Infusions are made by pouring boiling water over an herb and letting it sit. Outside of herbal medicine, this process is commonly known as “making a tea.” It is the best way to prepare the more delicate aerial parts of plants and is the gentlest form of herbal preparation designed to preserve the vitamins, minerals, and volatile oils. During the steeping process, a lid must be placed on the container (teapot or pan) as the valuable constituents will disperse into the air if a lid is not used. This is especially true of Chamomile.
Either fresh or dried herbs can be used, but tap water should never be used as the components will destroy the medicinal properties of the herb. Therfore, use only filtered or mineral water. As soon as the water comes to a boil, pour it over the herbs and cover with a tight lid and let sit undisturbed. Milk suppresses the flavour and adds nothing to the medicinal properties, but rather, weakens them. Adding honey can be soothing, while an herb like cayenne, for example, will help break a fever. Water infusions can be also be used as gargles, lotions, douches, compresses, rinses, and fomentations.
These are the important points to remember when making an infusion:
- Always use glass, enamel, or stainless steel utensils as this is the best way to preserve the integrity of the medicine. Avoid aluminum as it will contaminate the formulas.
- Use distilled water as it is a “hungry” water which will pull the medicinal properties of the plant into the solution. If the water is purchased, buy only that which is in glass containers so that it does not absorb chemicals from the plastic containers.
- Cover the infusion during the steeping process to ensure that the medicinal properties remain within the liquid.
The standard ratio is one teaspoon herb to one cup water. Place the herb into a teapot and add freshly boiled water. Cover and let steep (infuse) before straining. Add honey if desired, but never milk. Allow one to three minutes for flowers, two to four minutes for leaves, and four to ten minutes for seeds, bark, and hard roots. Cover the pot with a warmer (towel or tea cosy) if brewing for longer than four minutes. Strain at the end of the brewing time and use immediately, or place into a jar to be refrigerated.
A Cold or Flu Tea
Use equal parts of peppermint (decongestant), yarrow (febrifuge), and elderflower (nose and throat tonic). Prepare as above. This tea is a cure-all as it addresses all the elements present at the beginning of a cold. Taken as soon as the symptoms start, it will quickly help the body re-establish balance.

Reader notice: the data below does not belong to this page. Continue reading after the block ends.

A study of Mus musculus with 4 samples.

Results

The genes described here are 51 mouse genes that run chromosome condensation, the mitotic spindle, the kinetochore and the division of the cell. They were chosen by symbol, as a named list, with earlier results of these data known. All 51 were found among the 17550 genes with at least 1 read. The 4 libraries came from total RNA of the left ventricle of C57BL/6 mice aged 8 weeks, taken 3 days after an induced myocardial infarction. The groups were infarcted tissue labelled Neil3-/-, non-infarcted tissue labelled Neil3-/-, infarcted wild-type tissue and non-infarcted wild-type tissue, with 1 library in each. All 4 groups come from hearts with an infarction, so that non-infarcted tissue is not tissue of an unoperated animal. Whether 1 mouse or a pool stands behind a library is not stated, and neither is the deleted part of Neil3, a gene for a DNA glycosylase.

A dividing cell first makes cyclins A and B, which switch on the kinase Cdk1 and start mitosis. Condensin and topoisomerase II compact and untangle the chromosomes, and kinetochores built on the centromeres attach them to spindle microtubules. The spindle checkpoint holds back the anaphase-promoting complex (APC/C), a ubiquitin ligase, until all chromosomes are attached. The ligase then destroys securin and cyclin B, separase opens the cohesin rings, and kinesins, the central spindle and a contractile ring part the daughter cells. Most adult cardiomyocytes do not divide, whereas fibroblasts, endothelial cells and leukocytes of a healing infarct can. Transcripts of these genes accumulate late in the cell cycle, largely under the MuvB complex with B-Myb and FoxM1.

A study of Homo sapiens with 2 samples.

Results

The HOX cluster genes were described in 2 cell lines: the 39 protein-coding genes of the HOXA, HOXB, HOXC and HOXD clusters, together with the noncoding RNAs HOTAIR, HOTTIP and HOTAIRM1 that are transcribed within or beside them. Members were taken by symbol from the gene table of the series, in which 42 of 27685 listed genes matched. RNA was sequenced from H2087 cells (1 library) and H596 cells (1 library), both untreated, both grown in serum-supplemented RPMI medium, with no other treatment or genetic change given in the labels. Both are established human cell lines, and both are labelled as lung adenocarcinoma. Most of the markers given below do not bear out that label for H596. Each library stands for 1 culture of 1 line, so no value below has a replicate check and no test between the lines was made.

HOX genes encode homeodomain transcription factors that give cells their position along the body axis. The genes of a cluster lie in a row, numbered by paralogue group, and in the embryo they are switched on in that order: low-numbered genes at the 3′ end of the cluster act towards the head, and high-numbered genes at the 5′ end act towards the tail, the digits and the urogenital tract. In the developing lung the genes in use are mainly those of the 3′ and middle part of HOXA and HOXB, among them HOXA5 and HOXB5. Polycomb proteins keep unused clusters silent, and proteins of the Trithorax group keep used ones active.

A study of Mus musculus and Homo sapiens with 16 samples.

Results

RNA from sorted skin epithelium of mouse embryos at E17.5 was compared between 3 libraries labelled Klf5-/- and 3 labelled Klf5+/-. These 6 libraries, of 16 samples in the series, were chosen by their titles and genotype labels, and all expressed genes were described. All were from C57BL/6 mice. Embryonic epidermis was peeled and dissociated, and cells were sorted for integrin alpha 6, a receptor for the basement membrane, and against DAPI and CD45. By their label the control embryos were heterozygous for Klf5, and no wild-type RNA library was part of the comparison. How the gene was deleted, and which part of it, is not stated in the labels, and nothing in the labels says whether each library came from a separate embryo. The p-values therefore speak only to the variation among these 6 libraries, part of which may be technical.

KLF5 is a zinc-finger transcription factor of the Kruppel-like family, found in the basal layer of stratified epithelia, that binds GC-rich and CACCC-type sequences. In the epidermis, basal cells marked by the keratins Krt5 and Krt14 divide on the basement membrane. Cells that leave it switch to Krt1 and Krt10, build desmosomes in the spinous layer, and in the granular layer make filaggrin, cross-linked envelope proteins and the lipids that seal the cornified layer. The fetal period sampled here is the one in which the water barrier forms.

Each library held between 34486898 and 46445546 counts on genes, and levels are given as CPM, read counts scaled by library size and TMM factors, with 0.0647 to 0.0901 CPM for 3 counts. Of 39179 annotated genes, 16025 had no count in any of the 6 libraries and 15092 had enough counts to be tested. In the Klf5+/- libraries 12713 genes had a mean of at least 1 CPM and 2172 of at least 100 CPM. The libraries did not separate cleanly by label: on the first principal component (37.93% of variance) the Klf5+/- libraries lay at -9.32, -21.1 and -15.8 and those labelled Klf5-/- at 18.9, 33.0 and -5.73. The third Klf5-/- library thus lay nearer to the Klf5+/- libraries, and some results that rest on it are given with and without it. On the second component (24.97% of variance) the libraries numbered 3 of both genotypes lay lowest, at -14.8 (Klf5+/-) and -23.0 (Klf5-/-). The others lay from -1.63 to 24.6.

- (for fevers, colds, flu, congestion)
- 2 cups boiling water
- 1/2 ounce (15 g) each of elderflowers and peppermint leaves
- 1 pinch cayenne powder
Pour water over herbs and let infuse (stand) for about fifteen minutes. Drink one hot cupful at a time three to six times a day as long as symptoms persist.
Sun tea is a gentle infusion. Place cold water and herbs in a clean, clear glass jar with a lid. Put the closed jar into a sunny location and leave up to six hours, depending how strong you want the tea to be.
Add 500 ml of a strained infusion or 5-10 drops of an essential oil to a running bath. Lavender is ideal.
Make, and strain, an infusion. Bathe an affected area with the preparation.
Make a small quantity of infusion or use an herbal teabag. Strain carefully into a sterilized container. OR, add two to three drops of a tincture to an eyebath container and fill with freshly boiled water. Add a pinch of salt to counter the leaching of salts and minerals from the eye. Allow to cool and place the eyebath firmly over the eye. Tip the head back and bathe the eye by continuously blinking. Repeat up to three times a day.
Eyebath solutions should be very weak so not to damage the eye. Always use boiled, filtered water in a sterilized container to prevent additional microbes from escalating an existing condition.
Do not bathe the eye for more than two or three weeks at a time.